O'Neill Regional Park


Four thousand acres nestled in between Trabuco and Live Oak Canyons, O’Neill Regional Park is heavily forested with surrounding views of mountains and rolling hillsides. Offering 23 miles of beautiful trails that you can hike, bike, or travel by horseback, this park will feel like a cosy nature retreat into the woods. Visit in the early spring time to see wildflowers, mule deer, and the two creeks bubbling at their highest water levels. You’ll wish O’Neill was right in your backyard after you experience all of its scenic trails and wildlife. So get out on trail and start exploring!

Campgrounds in O'Neill

Arroyo Campground
Yadira
Yadira: Make sure you leav all cell phone at home and enjoy nature to the fullest.

hipcamper
June 5th, 2015
O'Neill
hipcamper
June 5th, 2015
O'Neill
hipcamper
June 5th, 2015
O'Neill
hipcamper
June 5th, 2015







Make sure you leav all cell phone at home and enjoy nature to the fullest.


In 1769, Gaspar de Portola led a Spanish expedition into what is now Orange County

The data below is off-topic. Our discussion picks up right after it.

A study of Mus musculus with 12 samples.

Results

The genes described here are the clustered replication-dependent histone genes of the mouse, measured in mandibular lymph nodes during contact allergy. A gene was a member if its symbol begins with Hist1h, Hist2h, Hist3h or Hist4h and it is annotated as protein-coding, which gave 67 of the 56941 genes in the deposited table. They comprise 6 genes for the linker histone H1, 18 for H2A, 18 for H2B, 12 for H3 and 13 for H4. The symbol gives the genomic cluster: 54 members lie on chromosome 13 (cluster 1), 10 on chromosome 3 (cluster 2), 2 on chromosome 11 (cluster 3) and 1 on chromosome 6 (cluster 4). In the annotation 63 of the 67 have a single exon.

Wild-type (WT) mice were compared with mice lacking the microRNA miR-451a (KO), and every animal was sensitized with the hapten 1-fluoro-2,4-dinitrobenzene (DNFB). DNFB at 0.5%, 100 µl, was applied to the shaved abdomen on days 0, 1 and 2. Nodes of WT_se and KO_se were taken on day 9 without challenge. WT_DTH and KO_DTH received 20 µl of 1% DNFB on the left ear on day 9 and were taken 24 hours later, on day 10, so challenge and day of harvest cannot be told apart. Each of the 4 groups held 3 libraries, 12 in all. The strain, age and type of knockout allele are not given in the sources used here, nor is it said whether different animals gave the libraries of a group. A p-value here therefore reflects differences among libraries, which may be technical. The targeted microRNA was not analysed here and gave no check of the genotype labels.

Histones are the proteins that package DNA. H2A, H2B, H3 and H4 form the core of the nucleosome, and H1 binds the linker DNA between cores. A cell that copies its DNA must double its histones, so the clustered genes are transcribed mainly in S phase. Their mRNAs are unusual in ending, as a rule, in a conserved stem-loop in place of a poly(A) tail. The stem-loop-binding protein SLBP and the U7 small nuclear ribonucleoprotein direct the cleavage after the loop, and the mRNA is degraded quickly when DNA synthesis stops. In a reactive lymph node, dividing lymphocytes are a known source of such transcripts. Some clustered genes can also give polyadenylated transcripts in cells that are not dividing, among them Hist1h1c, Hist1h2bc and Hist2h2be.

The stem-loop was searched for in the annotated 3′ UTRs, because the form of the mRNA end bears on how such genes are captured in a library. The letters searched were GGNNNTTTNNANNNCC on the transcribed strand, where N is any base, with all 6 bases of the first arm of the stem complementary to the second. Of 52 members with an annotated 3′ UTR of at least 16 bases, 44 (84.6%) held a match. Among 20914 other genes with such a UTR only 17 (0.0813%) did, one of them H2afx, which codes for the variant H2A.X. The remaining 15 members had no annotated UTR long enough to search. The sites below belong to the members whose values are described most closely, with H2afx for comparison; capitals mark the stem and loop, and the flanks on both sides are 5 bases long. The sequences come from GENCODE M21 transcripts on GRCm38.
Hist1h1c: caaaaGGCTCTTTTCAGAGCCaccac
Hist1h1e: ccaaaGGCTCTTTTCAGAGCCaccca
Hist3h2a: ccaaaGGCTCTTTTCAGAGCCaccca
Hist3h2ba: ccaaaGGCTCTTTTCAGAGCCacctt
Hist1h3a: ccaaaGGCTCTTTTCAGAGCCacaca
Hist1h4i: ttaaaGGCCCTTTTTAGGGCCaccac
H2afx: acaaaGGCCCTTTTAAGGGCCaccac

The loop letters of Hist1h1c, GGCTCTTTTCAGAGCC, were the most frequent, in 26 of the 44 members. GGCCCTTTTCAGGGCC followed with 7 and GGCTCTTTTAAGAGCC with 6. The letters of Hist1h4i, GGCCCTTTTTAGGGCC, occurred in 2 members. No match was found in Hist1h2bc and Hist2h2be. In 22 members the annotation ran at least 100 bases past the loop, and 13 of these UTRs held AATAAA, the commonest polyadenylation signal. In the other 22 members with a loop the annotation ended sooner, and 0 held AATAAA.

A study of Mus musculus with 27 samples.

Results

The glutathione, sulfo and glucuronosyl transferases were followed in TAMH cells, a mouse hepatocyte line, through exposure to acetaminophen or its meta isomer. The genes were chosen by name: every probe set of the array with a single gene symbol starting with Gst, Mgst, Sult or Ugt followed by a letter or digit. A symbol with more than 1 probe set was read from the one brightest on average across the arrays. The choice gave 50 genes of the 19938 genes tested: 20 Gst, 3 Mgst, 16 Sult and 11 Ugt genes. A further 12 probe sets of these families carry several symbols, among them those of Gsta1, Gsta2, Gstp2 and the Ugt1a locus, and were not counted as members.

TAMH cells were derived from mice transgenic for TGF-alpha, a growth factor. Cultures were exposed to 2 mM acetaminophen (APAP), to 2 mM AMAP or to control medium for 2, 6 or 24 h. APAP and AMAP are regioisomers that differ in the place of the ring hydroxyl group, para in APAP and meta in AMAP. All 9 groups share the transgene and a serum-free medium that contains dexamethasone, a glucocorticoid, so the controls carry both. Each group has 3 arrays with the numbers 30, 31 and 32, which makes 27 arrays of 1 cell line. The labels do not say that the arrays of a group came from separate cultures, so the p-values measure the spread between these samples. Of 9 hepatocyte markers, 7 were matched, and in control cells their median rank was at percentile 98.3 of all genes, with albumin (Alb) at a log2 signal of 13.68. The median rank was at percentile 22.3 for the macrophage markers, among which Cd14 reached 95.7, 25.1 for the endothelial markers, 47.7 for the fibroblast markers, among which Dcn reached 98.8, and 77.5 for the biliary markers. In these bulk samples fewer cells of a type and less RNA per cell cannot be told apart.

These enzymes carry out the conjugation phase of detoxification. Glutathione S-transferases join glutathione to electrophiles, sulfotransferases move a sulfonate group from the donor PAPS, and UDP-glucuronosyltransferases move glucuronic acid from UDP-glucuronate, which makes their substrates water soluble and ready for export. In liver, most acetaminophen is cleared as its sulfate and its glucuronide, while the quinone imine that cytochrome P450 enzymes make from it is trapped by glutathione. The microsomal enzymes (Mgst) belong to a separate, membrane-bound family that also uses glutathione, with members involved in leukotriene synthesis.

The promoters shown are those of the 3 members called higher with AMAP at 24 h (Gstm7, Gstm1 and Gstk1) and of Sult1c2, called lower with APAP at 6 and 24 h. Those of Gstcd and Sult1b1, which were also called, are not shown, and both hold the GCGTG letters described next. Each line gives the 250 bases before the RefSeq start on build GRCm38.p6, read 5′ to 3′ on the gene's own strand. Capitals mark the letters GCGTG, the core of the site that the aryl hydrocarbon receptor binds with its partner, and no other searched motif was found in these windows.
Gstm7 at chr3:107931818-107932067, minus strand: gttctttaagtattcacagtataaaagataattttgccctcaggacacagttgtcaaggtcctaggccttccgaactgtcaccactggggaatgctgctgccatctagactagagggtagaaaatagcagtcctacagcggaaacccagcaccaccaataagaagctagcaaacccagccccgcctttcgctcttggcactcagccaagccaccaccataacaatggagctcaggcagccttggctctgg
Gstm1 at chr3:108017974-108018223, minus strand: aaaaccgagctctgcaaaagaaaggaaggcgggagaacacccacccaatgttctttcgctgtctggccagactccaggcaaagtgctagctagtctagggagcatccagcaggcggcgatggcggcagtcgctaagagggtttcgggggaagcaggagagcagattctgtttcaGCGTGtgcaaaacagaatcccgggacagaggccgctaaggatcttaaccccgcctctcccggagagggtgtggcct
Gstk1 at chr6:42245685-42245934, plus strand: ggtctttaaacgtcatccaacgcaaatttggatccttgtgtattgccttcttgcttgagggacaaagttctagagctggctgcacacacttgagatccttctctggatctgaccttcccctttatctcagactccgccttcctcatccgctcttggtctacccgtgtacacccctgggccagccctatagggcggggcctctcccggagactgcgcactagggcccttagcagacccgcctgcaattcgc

and camped in the area near present-day O’Neill Regional Park. While camping, one of
his soldiers lost his “trabuco,” or musket, the most valuable possession of any soldier.
To mark the loss, the nearby creek was named Trabuco. The name “Trabuco” has
been associated with the creek that runs through the park and the surrounding area
ever since.

The land that comprises O’Neill Regional Park today was part of Rancho Trabuco, a
Mexican land grant of the 1840s. Originally controlled by Juan Forester, Rancho Trabuco
was acquired by Irish immigrants Richard O’Neill Sr. and James Flood in 1882 and
became part of the larger O’Neill Ranch.

In 1948, the O’Neill family donated 278 acres of Trabuco Canyon to the County of Orange
to establish the County’s second regional park. An additional 120 acres were donated in
1963. Subsequent purchases and dedications, including a dedication of more than 400
acres in 2011 by Rancho Mission Viejo, the successor of the O’Neill Ranch, have resulted
in the park’s growth in size to nearly 4,000 acres.